Homeowners struggling with climbing interest rates will be relieved to know the latest increase of the Official Cash Rate [OCR] from 5.25 per cent to 5.5 per cent is likely to be the end.

The Reserve Bank [RBNZ] has indicated the latest hike is the peak and will be enough to drive down national inflation.

The latest CoreLogic House Price Index said that nationally, average property values are 10.2 per cent lower than the same month last year.

However, values still remain at an average $121,000 higher than pre-covid levels [March 2020].

The decrease in property value observed nationally has also been reflected in Wairarapa real estate.

According to the latest CoreLogic report, Carterton saw a significant drop in average value over the last three months of 6.7 per cent to $621,699.

South Wairarapa had an even bigger plunge of 7.5 per cent, with average property value dropping to $802,215.

However, Masterton in comparison, barely saw a change, with a decrease of 1.1 per cent to $571,000.

CoreLogic NZ Head of Research Nick Goodall said indicators such as house price falls and the latest RBNZ forecasts for the OCR were good signs for homeowners.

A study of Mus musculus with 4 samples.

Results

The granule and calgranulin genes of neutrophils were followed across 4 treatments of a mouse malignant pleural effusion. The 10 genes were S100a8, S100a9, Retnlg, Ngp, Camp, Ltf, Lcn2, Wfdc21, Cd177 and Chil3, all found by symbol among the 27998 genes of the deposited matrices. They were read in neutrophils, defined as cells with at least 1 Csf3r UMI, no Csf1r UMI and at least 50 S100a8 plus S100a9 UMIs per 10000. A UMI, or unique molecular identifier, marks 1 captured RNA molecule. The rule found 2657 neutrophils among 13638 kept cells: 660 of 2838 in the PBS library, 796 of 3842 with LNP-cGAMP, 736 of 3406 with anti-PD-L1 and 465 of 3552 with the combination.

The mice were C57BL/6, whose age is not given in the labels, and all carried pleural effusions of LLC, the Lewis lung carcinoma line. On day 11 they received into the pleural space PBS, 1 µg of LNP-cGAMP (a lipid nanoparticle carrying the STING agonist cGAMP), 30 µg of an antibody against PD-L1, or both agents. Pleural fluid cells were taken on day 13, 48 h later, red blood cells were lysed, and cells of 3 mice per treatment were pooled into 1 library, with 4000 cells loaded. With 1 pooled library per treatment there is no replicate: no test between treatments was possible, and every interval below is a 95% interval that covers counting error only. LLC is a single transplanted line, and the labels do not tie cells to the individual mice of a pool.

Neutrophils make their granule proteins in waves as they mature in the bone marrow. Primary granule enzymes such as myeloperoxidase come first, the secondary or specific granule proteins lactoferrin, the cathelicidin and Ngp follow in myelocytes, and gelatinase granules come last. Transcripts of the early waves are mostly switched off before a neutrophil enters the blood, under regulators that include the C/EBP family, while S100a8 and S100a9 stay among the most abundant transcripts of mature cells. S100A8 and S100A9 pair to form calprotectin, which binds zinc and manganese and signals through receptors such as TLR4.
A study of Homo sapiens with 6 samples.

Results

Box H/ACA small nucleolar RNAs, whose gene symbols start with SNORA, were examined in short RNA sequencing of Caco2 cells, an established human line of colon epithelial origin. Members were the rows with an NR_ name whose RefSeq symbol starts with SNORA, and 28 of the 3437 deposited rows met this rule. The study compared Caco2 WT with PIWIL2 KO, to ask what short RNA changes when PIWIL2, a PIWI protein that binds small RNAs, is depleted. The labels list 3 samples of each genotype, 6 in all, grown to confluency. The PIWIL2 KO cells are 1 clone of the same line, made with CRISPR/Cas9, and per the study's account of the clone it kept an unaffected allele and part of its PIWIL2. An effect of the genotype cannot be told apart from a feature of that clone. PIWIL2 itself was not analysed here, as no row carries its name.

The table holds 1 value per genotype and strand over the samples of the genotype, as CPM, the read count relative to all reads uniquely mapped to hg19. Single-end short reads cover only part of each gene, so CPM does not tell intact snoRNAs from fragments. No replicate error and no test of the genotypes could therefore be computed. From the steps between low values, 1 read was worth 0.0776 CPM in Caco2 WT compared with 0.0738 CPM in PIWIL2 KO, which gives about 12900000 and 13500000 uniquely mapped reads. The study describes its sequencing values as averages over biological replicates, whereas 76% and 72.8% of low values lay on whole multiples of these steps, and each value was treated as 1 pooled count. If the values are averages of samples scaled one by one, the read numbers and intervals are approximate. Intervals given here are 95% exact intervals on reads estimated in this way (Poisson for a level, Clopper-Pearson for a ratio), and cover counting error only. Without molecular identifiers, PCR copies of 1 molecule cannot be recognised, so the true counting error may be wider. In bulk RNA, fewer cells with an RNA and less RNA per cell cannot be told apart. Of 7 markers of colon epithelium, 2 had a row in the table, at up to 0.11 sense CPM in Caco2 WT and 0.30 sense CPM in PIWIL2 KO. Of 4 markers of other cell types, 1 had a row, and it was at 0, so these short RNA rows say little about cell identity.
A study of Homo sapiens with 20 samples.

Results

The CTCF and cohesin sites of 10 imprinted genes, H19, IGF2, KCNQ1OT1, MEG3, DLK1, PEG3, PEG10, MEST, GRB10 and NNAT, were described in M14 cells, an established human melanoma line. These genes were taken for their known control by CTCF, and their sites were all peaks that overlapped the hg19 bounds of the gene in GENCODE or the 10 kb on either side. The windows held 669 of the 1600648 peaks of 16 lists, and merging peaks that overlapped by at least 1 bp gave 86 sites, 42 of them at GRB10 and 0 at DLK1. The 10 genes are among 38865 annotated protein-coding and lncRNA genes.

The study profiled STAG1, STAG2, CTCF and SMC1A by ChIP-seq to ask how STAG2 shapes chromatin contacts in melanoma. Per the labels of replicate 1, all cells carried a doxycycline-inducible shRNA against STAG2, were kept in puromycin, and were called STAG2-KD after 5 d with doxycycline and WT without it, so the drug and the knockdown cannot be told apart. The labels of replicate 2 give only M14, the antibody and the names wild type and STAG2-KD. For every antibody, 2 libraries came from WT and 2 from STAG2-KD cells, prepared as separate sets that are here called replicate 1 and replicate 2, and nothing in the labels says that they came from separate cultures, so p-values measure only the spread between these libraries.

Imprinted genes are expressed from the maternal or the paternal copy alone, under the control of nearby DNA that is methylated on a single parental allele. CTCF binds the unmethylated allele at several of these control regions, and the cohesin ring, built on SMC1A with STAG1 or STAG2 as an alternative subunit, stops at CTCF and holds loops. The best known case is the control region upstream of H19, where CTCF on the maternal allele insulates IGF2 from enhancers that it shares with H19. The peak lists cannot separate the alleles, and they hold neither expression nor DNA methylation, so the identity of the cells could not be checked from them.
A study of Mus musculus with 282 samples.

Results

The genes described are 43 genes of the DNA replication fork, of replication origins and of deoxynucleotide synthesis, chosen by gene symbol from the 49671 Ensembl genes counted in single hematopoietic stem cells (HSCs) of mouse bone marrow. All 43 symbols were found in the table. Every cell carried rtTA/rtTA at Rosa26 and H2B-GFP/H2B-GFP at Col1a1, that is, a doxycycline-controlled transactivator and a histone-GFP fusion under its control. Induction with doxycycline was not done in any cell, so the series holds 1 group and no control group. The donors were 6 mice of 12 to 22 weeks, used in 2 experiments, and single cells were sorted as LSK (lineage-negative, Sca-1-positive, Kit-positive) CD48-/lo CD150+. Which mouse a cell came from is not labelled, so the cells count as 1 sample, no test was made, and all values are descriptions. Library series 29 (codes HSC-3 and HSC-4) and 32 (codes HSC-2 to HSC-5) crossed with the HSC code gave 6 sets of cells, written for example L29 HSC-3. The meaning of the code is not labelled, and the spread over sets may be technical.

“This expected ceiling for interest rates reinforces our view that a possible floor in prices is approaching,” said Goodall.

Goodall said this peak in the cash rate would help provide certainty to borrowers who would be impacted by higher interest rates.

“Mortgage holders and aspiring home owners should now be able to quantify the worst-case scenario for their mortgage repayments,” said Goodall.

“Giving both them and their bank confidence in assessing serviceability test rates.”

Goodall said more vulnerable sectors to the OCR hikes would be first-home buyers who hadn’t had time to accrue equity, along with lower-income households.

Wairarapa Property Investors Association president Tim Horsbrugh said he expected people would still be feeling the pinch for the rest of the year.

“Everything looking to the future says interest rates are likely to come down, probably at the end of the year and early next year,” he said.

“I think there’s going to be quite a lot of people hanging on to the results of the election, especially in the housing market.”

Looking at the bigger picture, Horsbrugh said he supported the view of RBNZ, and was pleased inflation was on the way down.

“There’s a lot of external things at play, and there’s been a big change in the global supply distribution,” said Horsbrugh.

“That’s going to have quite a big impact on deflation.”

Bella Cleary
Bella Cleary
Bella Cleary is a reporter at the Wairarapa Times-Age, originally hailing from Wellington. She is interested in social issues and writes about the local arts and culture scene.